Twenty-three years ago, I blew off my master’s convocation ceremony and went wandering around a cemetery with a young lady. While hundreds gathered on the brick-ringed lawn of the academic quad at Tufts University to march through the glowing gates of new adult life, R. and I strolled through the iron gates of Mount Auburn Cemetery and meandered by the marble stones of people who had long since passed through the pearly gates. While my name was being read from the rolls of those who had achieved graduate degrees, a man in a golf cart was calling out to R. and me lying on the lawn that this was a cemetery and we should comport ourselves accordingly.
Mount Auburn Cemetery may be a village of the dead, but what a glorious village it is, a Butchart Gardens of the decadently decedent.
Were this April, I would be tempted to quote T.S. Eliot: “That corpse you planted last year in your garden, Has it begun to sprout? Will it bloom this year?” But there is another poem that is better suited to this occasion: “The Deserted Village” by Oliver Goldsmith (most famous for the play She Stoops to Conquer), published in 1770. It is a paean to a lovely place, a childhood home that, like all memories of youth, cannot be strolled back into. It is still there, but all the there that was there is not there anymore: it is depopulated and dilapidated. Its denizens have not died; no, it has fallen victim to the privatization of the commons, the appropriation of public goods to the pleasure domes of the overenriched few. It starts with this:
Sweet Auburn, loveliest village of the plain,
Where health and plenty cheared the labouring swain,
Where smiling spring its earliest visit paid,
And parting summer’s lingering blooms delayed,
Dear lovely bowers of innocence and ease,
Seats of my youth, when every sport could please,
How often have I loitered o’er thy green,
Where humble happiness endeared each scene!
How often have I paused on every charm,
The sheltered cot, the cultivated farm,
The never-failing brook, the busy mill,
The decent church that topt the neighbouring hill,
The hawthorn bush, with seats beneath the shade,
For talking age and whispering lovers made!
But nothing stays the same. You can never go home again; the houses I grew up in are changed or gone, and the places I knew people in may still be there but the people have moved on. After stooping to conquer me, R. moved on as well, and so did I. And Mount Auburn Cemetery remained, having already been through its change to be an album of marmoreal memorials.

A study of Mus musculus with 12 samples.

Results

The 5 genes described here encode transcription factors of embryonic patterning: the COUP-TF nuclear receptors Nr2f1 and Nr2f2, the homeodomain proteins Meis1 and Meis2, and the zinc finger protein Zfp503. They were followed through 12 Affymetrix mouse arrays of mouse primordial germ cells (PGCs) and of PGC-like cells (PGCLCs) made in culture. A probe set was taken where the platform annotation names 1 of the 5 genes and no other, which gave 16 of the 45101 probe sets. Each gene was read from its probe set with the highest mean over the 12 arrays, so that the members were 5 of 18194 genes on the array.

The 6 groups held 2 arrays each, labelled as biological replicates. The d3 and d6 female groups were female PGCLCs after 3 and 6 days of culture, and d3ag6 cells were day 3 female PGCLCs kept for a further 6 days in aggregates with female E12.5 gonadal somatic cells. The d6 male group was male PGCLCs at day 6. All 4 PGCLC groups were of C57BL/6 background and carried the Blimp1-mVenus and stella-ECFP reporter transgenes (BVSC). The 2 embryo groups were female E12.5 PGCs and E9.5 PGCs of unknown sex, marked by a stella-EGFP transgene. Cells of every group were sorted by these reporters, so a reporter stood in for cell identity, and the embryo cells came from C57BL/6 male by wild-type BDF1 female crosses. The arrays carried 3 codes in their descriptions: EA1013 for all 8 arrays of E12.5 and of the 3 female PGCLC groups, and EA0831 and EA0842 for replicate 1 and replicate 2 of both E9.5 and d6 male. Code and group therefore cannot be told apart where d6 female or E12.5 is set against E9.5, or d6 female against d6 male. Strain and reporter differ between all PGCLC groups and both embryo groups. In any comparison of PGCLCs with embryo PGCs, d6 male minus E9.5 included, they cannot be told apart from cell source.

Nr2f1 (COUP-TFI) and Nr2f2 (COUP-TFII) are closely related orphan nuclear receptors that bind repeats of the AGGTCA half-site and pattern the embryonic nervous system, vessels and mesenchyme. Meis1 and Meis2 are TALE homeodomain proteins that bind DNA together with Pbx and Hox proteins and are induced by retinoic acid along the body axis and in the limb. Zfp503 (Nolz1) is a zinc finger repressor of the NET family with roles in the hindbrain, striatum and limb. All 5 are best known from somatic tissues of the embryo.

Sweet Mount Auburn. It was once not a farm of headstones but Stone’s Farm, a piece of peaceful rural land nicknamed Sweet Auburn by locals who had read Goldsmith. And, fittingly or ironically, it too was thereafter enclosed, taken from the planting of crops to the planting of corpses – just the well-off ones – and given its current name and state. But it is open to the public; it is credited as a pioneer in the American public parks and gardens movement. So just as death claims us all, the commons have, in their way, reclaimed this farmland, at least for visiting rights.
One may be tempted to say its name would be more apposite in the fall, when all is burning reds and browns. For what is auburn if not a rich brown as of hair that inspires poetry? But even that has not stayed the same. If you want to see the epitaph for the youth of this word, look at any pearly tombstone showing a century’s patina. Auburn comes from Latin alburnus, ‘whitish’ (you may recognize the alb from album). It came through Old French alborne or auborne, and in its middle age – a century or so before Goldsmith – it was sometimes written abrune or abroun. And by way of that it came to be thought of as more a burning brown.
Well, memory, like tombstones, becomes more golden as it fades. Our minds are the goldsmiths of time. And if time and the distillation of the years makes auburn auburn, poetry makes it Mount Auburn:
And thou, sweet Poetry, thou loveliest maid,
Still first to fly where sensual joys invade;
Unfit in these degenerate times of shame,
To catch the heart, or strike for honest fame;
Dear charming nymph, neglected and decried,
My shame in crowds, my solitary pride;
Thou source of all my bliss, and all my woe,
That found’st me poor at first, and keep’st me so;
Thou guide by which the nobler arts excell,
Thou nurse of every virtue, fare thee well!